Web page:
Aggretsuko has launched its second season on Netflix. The first season won an Ursa Major, and the show has become a hit among the fandom with its theme of worklife in the modern era. Will the second season be able to retain its title?
In short, I personally found the second season to be a bit tamer than the first as far as content goes. The red panda, Retsuko, seems to have adapted more to her stresses in life and the duality of her underlying rage seems to have been numbed a bit. When she did do a scream-fest, it seemed more forced and circumstantial than prepared and thought out. It also looks to be that the season focuses on the social obligations outside the workplace this season. Items such as friendship, family, and the future of Retsuko’s life outside of work seem to be the focus of her stresses.
Given this, those that like the first season may have differing feelings of the direction of this one. My thoughts are a bit complicated. I think the first season was far punchier and excellently paced, whereas the second had good moments but also some questionable decisions on character usage.
Designers of the Phillie Phanatic 'sculpture' have threatened to terminate their copyright transfer after 35 years, per a lawsuit filed by the Philadelphia Phillies baseball team.
Initially we leased the Phanatic to the team for appearances and paid a royalty to them for the licensed products we did. The first year of licensing we did over two million dollars in sales in the Philly area. Eventually we had a number of successful programs with teams who wanted to be able to control of the characters and were able to enforce the copyrights so we sold the Phanatic and then others to the teams.
Many made light of the mascot's pending "free agency", with the Washingtonian promoting a move to D.C. But for teams in a similar situation, such disputes could mean serious payouts - at least for lawyers - and given the time periods involved, the issue might soon touch on works in furry fandom.
Peter S. Beagle, known for writing the classic fantasy novel The Last Unicorn, has finally been awarded $332,500 in a lawsuit against Connor Cochran. His lyrical language would need barbs for revisiting his career with Cochran, his ex-agent/publisher/business manager -- or whatever title was most profitable for the moment.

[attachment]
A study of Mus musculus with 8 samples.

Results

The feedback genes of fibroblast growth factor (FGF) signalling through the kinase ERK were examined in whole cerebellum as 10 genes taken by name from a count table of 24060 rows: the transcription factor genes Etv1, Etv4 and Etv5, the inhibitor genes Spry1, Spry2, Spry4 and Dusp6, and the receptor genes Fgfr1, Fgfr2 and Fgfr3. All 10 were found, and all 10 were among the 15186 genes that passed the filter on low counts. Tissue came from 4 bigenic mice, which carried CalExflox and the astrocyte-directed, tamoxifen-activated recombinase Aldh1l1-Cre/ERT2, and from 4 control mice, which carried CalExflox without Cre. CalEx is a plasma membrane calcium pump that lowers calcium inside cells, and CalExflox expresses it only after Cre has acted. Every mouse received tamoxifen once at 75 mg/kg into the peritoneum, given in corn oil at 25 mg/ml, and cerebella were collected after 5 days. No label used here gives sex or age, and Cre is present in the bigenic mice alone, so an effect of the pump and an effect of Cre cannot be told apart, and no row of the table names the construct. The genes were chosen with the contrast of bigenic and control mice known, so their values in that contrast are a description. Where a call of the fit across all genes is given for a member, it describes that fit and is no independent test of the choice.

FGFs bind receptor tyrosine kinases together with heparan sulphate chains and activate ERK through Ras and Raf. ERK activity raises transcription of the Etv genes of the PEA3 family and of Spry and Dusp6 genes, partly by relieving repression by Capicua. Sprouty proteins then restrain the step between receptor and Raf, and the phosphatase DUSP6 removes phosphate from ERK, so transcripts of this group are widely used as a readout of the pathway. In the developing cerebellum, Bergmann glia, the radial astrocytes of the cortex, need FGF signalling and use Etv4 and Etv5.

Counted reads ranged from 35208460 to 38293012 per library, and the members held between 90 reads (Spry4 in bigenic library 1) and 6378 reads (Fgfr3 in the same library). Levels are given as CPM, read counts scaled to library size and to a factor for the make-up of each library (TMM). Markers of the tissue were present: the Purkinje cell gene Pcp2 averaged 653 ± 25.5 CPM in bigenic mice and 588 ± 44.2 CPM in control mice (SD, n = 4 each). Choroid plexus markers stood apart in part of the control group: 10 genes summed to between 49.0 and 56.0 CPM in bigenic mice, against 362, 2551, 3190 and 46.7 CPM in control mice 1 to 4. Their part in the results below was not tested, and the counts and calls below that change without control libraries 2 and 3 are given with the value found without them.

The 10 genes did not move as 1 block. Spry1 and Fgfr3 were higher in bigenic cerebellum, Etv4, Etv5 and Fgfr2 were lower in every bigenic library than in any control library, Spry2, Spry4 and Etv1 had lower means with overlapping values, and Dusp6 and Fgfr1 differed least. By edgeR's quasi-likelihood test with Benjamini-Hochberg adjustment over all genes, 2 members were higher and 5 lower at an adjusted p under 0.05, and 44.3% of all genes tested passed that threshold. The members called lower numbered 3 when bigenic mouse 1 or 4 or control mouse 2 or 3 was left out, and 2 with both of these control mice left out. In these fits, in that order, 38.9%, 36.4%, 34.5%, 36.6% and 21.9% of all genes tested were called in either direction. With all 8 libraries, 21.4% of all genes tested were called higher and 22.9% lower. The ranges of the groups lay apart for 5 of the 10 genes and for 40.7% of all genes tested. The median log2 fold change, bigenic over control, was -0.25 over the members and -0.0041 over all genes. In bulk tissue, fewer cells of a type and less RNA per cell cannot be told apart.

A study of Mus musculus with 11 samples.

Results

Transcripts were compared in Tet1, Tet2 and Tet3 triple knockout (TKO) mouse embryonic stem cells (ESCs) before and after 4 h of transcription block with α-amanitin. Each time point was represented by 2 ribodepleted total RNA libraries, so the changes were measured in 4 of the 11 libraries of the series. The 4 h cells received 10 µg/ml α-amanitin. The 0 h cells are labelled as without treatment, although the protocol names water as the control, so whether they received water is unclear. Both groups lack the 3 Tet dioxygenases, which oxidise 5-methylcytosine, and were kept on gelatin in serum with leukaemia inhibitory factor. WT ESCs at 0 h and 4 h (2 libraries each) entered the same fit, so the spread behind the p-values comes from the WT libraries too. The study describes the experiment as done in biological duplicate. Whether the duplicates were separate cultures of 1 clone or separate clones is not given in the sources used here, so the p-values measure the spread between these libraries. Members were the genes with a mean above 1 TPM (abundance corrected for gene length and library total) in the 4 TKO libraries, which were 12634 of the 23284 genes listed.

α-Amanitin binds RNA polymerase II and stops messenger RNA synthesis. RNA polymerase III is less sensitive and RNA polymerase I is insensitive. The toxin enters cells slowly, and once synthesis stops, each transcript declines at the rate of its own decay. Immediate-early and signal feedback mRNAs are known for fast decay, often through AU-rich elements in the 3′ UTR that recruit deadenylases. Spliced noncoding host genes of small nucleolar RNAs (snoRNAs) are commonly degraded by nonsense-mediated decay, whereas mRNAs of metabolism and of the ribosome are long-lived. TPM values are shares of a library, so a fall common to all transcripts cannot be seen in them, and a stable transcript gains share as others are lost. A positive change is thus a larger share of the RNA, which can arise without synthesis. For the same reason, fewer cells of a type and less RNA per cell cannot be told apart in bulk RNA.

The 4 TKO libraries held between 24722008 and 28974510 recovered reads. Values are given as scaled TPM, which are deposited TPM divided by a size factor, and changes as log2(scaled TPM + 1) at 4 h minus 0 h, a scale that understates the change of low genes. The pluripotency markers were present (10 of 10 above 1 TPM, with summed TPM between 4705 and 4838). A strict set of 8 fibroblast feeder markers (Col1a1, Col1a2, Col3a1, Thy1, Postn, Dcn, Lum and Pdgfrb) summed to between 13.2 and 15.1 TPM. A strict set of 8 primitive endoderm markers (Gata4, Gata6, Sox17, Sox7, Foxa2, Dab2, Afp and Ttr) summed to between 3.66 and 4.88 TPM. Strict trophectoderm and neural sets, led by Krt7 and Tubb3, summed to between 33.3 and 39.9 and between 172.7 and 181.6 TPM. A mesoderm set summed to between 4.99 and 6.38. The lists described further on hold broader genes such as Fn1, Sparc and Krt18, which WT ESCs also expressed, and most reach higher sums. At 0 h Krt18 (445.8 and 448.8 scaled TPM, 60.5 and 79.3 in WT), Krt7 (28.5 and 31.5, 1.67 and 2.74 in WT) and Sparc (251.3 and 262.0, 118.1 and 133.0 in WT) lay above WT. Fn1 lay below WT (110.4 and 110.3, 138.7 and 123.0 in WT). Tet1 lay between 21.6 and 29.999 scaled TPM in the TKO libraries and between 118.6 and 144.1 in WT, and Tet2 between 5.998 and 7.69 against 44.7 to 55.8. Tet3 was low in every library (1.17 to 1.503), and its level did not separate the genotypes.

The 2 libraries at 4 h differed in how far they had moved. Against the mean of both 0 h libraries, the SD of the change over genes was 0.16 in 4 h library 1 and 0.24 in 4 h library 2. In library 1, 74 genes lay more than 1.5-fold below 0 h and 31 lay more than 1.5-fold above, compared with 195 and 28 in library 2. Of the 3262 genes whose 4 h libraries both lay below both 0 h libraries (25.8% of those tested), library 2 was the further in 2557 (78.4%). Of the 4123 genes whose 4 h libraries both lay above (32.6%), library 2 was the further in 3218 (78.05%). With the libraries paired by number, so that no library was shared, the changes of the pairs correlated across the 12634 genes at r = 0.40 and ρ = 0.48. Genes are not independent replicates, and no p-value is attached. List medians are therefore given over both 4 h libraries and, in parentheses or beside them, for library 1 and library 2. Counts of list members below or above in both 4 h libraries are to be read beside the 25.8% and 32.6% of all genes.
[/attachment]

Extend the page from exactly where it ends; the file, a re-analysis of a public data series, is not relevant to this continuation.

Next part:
In the early 2000's, Cochran pitched himself as a savior to rescue Beagle from past mismanagement. As time went on it became clear that the manager's relationship was more vulturous than a healthy partnership. Beagle sued him in 2015. Four ugly years later, the ex-manager had been given a new title by the author's friends: convicted fraudster.
File770 covered the judgement, and Deborah Grabien, Beagle's friend and editor, wrote about the document on Facebook:
Below is the judge's final decision in Peter's suit... It's a thing of beauty. Peter won, flat out, on four of six causes. On at least one of the two Peter wasn't awarded, the judicial language makes it pretty damned clear that the only reason for that was lack of proof that Cochran did what he did with the intent to actively harm. Spread it far and wide, if the fancy so takes you. There's no chance of the dude in question going off on one of his patented "I WILL SUUUUUUUUE YUUUUUUU!" screeches, because this is the judge's final decision in this case.
Angry Birds 2; was it angry? Did it birds? The answer may surprise you.
As the writer and of the first Angry Birds review, I have to note that I reviewed the first one a bit begrudgingly. Mostly I was trying to push back against another CGI film with anthropomorphic characters that came out that year that was getting way too much attention. The first film hasn't aged well and certainly wasn't a gem at the time.
I only remembered a sequel was coming out earlier this year, and so did most people I think given the reactions online. Why did this movie warrant a sequel? The movie based on an app? Why?
The film opened this past Tuesday, and so I of course had to see it on opening day with a group of friends I had dragged along to presumably suffer with me.
But to my surprise, it was actually good.
Over 14-18 August, Berlin's Estrel hotel was filled to capacity with furs attending Eurofurence 25: 'Fractures in Time' - both the largest furry convention outside the United States (attracting 3412 this year; a 400 increase), and the oldest running furry convention in the world. EF25 celebrated 25 years since Unci made the post on alt.fan.furry leading to the con's creation.
Due to the eponymous fractures in time, Eurofurence 25 started by showing the closing video during the opening ceremonies! That was hardly the only disturbance in time and space, as attendees also saw Uncle Kage announcing the move of Anthrocon to Pittsburgh before time stabilised enough to continue as normal. It was the most impressive opening of the past five years, and you can get a sense of the excitement from one attendee's upload on YouTube. Beyond the opening ceremonies, it's impossible for any one person to see everything. I'll give an idea of what I saw and what was going on so that everyone has an idea of what they may be able to expect in future years.
Update 03/09: The final charity total is €42 105,37.
From the oldest active fur con, to one of the newest: Wild North, held in Northumberland, just shy of the Scottish Borders, is looking to spread its wings, with falconry, archery and the cult game of Werewolves taking place at the venue over September 27-30.
Staying Friday 3 PM to Monday 11 AM costs £150 for buffet food, soft drinks and beds, but not bedding. A recent announcement added two-day weekend and single-day residency options, for £100 and £50. But prospective castle-dwellers must hurry; registration and payment is to close this Saturday, August 31.